FOR IMMEDIATE RELEASE / PRURGENT
March 8, 2010
Oral contraception has been closely linked to a certain deadly type of breast cancer, a leading cancer journal stated recently, and the results may prove to challenge the breast cancer research community.
A study concerning the deadly “triple negative” breast cancer, involving more than 1500 women aged 20 – 45, found a “distinct etiology,” or cause and effect, for women who used oral contraception for longer than a year, and an even stronger correlation for women who began using it before the age of 18.
The study was published in the April 2009 Cancer, Epidemiology, Biomarkers and Prevention over a five-year period. The study’s main author, Jessica Dolle, and other researchers at the Seattle-based Fred Hutchinson Cancer Research Center, found that oral contraceptive use for a year or more “was associated with a 2.7-fold increased risk for triple-negative breast cancer.” Triple negative breast cancer is a subtype of cancer associated with a high mortality rate.
“Specifically,” the study said, “older age, family history of breast cancer, earlier menarche age [beginning of menstruation], induced abortion, and oral contraceptive use were associated with an increased risk for breast cancer.”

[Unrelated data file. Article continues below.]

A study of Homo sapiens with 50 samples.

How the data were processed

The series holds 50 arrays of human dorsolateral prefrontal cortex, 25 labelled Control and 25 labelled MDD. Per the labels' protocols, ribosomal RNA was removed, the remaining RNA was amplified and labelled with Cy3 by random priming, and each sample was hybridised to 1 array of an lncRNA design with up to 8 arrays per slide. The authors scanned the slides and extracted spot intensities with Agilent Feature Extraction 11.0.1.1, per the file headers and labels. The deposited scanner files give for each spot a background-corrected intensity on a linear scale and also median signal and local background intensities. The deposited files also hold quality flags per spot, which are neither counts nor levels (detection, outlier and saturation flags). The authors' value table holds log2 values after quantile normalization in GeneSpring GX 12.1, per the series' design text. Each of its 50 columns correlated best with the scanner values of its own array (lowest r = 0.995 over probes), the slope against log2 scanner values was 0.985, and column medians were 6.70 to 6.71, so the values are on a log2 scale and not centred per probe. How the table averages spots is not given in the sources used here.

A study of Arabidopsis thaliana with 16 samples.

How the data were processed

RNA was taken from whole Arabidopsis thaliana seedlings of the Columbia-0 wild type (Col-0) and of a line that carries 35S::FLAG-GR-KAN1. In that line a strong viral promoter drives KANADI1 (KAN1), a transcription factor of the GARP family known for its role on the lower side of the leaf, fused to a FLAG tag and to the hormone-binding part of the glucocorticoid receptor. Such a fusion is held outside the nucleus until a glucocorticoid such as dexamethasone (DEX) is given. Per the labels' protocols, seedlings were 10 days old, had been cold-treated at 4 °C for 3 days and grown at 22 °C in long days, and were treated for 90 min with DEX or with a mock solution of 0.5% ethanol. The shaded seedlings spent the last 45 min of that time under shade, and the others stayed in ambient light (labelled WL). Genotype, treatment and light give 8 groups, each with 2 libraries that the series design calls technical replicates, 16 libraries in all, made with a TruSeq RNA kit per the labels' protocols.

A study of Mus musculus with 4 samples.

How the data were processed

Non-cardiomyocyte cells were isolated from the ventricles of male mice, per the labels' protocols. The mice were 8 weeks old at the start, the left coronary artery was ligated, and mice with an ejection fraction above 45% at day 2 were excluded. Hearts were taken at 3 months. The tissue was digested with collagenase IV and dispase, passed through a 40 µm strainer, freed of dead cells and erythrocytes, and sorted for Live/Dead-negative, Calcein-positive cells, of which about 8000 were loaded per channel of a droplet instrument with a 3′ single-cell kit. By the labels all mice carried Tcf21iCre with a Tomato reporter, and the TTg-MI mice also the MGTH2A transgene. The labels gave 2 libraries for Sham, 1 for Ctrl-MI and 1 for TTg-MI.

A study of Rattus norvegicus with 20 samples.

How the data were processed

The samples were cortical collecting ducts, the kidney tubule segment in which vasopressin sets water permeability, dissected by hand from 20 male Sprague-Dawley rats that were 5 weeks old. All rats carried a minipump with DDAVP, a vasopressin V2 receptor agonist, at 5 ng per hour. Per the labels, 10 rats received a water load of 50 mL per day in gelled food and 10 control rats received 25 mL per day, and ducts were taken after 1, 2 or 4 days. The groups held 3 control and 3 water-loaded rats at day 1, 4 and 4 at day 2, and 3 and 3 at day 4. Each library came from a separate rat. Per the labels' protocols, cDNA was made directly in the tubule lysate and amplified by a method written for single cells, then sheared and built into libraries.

“Our study has the strength of being population based and is the largest of its kind to evaluate breast cancer subtypes and etiologic [causation] differences in young women,” the study said.
Other than skin cancer, breast cancer is the most common type of cancer among women in the United States, according to the NCI. Nearly 200,000 women were diagnosed in the U.S. last year with breast cancer.
In the light of recent studies such as the Dolle report, many experts believe women should be educated about the dangers of oral contraceptives and breast cancer.
Women in Phoenix, AZ, as well as Peoria, Glendale, Tempe, Mesa, Avondale and other cities can learn more about the dangers of oral contraceptives by calling Life Choices Women’s Clinics at 602-305-5100.